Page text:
Leader: Music tuition for kids can’t become lottery


It depicts a woman handing a violin bow to her young son who is eager to take it and start playing music.

The woman is Dr Helen Crummy who became celebrated as one of the founders of the internationally recognised Craigmillar Festival. The statue captures a particular moment in her life.

In the 1960s, Dr Crummy was refused school violin lessons for her son, but simply wouldn’t take no for an answer. Angry at the lack of opportunity for her son, she worked with other mothers at Peffermill Primary School to change the school’s policy and then establish the festival to take the arts to a wider local audience.

Thanks in large part to Dr Crummy we have a proud tradition of extending the opportunity to learn music to children across the Capital, irrespective of their background.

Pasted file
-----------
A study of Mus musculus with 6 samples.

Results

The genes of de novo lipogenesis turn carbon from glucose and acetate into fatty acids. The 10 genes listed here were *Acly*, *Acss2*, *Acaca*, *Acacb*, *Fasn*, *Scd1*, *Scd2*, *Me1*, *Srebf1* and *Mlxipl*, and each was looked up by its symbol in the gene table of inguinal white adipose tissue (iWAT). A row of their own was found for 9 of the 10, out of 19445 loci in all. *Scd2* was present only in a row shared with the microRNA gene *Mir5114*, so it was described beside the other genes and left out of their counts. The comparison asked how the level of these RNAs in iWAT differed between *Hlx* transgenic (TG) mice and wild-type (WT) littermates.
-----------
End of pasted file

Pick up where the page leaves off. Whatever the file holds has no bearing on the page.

Every parent will agree that the Three Rs are the most important part of their children’s education, but that the chance to learn a musical instrument should not be an expendable extra.

All the research shows that playing an instrument helps a child progress in many ways, apart from the sheer joy that it can bring throughout their life.

Seeing the number of children taking classes falling to below the target set by the city is obviously a concern. It is too early to tell whether or not it is a serious one.

The pressure on school budgets has seen some specialists spreading their work across more schools than before and there is an obvious risk that provision will become a lottery depending on which school your child attends.

The trend must be monitored and action taken if it continues.

Fifty years after parents had to campaign to ensure their children got the chances that most of us now take for granted, we must be vigilant that we don’t slip back.